Antidepressants don't increase pregnancy risks: study
The use of antidepressants during pregnancy is not linked to a higher overall risk of stillbirth and death in newborns, a study said Tuesday, confounding a long-held opposing view of such drugs.
The Swedish study of more than 1.6 million births in five Nordic countries included nearly 30,000 women who had filled in a prescription for an SSRI (selective serotonin reuptake inhibitor) during pregnancy.
The researchers found that the 1.79 percent of mothers exposed to an SSRI had higher rates of stillbirth (4.62 versus 3.69 per 1,000) and postneonatal death (1.38 versus 0.96 per 1,000) than those who did not.
But the slightly higher rates were attributed to the severity of the underlying psychiatric disease -- usually depression -- rather than its treatment.
Cigarette smoking and the mother's advanced age were also linked to higher deaths. Mothers exposed to an SSRI and those who were not had a similar rate of neonatal death (2.54 versus 2.21 per 1000).
Among the total surveyed group there were 1,633,877 single births, 6,054 stillbirths, 3,609 neonatal deaths and 1,578 postneonatal deaths.
The study "suggests that SSRI use during pregnancy was not associated with increased risks of stillbirth, neonatal death, or postneonatal death," said authors of the research led by Olof Stephansson of the Karolinska Institutet in Stockholm.
"However, decisions regarding use of SSRIs during pregnancy must take into account other perinatal outcomes and the risks associated with maternal mental illness," they said.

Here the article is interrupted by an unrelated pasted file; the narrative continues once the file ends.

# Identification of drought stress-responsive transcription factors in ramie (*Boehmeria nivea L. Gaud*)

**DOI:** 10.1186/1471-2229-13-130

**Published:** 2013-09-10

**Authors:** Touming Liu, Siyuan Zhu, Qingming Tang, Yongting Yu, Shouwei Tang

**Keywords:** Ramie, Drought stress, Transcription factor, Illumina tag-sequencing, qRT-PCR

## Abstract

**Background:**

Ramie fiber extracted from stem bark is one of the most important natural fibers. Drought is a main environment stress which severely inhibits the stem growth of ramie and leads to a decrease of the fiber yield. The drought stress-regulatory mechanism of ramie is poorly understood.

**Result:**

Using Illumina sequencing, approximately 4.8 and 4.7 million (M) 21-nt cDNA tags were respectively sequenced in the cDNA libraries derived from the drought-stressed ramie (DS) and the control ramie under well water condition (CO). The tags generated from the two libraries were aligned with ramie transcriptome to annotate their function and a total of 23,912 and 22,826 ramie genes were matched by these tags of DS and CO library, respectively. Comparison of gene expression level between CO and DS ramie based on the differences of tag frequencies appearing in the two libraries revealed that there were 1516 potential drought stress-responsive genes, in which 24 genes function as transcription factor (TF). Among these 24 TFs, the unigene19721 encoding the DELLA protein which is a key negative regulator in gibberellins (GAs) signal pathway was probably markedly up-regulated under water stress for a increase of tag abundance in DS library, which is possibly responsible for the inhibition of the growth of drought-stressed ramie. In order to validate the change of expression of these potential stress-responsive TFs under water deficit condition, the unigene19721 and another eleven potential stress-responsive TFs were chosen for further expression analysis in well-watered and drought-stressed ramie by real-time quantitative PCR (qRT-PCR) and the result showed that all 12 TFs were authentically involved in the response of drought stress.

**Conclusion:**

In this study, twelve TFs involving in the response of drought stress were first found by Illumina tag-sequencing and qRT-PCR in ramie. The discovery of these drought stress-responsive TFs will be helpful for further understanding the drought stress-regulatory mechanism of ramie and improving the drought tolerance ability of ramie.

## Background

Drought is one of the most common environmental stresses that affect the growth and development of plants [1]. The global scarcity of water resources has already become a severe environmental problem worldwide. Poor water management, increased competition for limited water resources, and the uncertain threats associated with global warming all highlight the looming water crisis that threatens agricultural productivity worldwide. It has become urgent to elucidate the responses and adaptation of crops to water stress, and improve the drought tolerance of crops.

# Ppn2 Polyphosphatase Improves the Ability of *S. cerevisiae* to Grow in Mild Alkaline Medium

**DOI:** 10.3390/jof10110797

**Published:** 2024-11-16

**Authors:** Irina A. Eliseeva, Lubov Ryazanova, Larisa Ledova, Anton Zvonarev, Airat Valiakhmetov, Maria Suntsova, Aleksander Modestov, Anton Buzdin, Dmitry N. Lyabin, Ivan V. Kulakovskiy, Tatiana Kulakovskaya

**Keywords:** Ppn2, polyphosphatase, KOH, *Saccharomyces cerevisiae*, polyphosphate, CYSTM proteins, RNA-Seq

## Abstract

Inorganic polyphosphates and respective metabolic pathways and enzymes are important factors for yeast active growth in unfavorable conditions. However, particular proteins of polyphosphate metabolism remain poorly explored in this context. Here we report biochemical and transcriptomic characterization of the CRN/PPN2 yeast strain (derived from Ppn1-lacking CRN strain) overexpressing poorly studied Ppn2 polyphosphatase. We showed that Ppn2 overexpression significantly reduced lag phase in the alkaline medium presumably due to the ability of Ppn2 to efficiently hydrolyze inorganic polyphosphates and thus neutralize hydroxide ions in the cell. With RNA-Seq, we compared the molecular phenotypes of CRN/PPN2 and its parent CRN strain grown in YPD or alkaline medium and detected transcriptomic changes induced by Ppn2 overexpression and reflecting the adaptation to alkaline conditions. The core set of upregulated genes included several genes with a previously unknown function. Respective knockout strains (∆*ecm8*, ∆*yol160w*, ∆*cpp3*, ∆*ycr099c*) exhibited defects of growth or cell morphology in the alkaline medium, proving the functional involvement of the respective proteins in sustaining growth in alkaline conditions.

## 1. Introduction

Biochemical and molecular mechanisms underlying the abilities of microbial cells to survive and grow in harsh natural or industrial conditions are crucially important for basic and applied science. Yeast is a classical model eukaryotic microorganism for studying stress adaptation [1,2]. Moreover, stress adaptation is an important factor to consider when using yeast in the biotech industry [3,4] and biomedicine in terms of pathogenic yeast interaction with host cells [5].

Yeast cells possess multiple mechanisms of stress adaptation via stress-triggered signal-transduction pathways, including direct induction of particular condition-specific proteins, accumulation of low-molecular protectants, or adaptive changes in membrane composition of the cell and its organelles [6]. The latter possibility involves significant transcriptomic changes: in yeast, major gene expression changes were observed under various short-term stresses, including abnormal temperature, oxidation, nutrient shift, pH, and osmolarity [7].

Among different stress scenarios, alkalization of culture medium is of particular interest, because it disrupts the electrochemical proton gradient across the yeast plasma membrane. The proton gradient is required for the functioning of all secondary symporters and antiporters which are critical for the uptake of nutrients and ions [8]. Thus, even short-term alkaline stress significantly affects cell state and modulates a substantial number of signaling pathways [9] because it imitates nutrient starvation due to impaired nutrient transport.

But a US-based expert expressed concern at the findings, to be published in Wednesday's edition of The Journal of the American Medical Association.
"This study looked at information on dispensed drugs, not ingested drugs, and these numbers are often quite different," Adam Urato, assistant professor of obstetrics and gynecology at Tufts University School of Medicine, told WebMD medical news.
"I don't find the study results particularly reassuring," he said.
The women included in the study were from Denmark, Finland, Iceland, Norway and Sweden. The data covered different periods from 1996 through 2007.
Researchers obtained information on the use of antidepressants from prescription registries, while patient and medical birth registries provided the data for maternal characteristics, pregnancy and neonatal outcomes.
Between seven and 19 percent of women suffer from depression during pregnancy, according to background information in the study.
The use of SSRIs during pregnancy has long been associated with congenital anomalies, neonatal withdrawal syndrome, and persistent pulmonary hypertension of the newborn.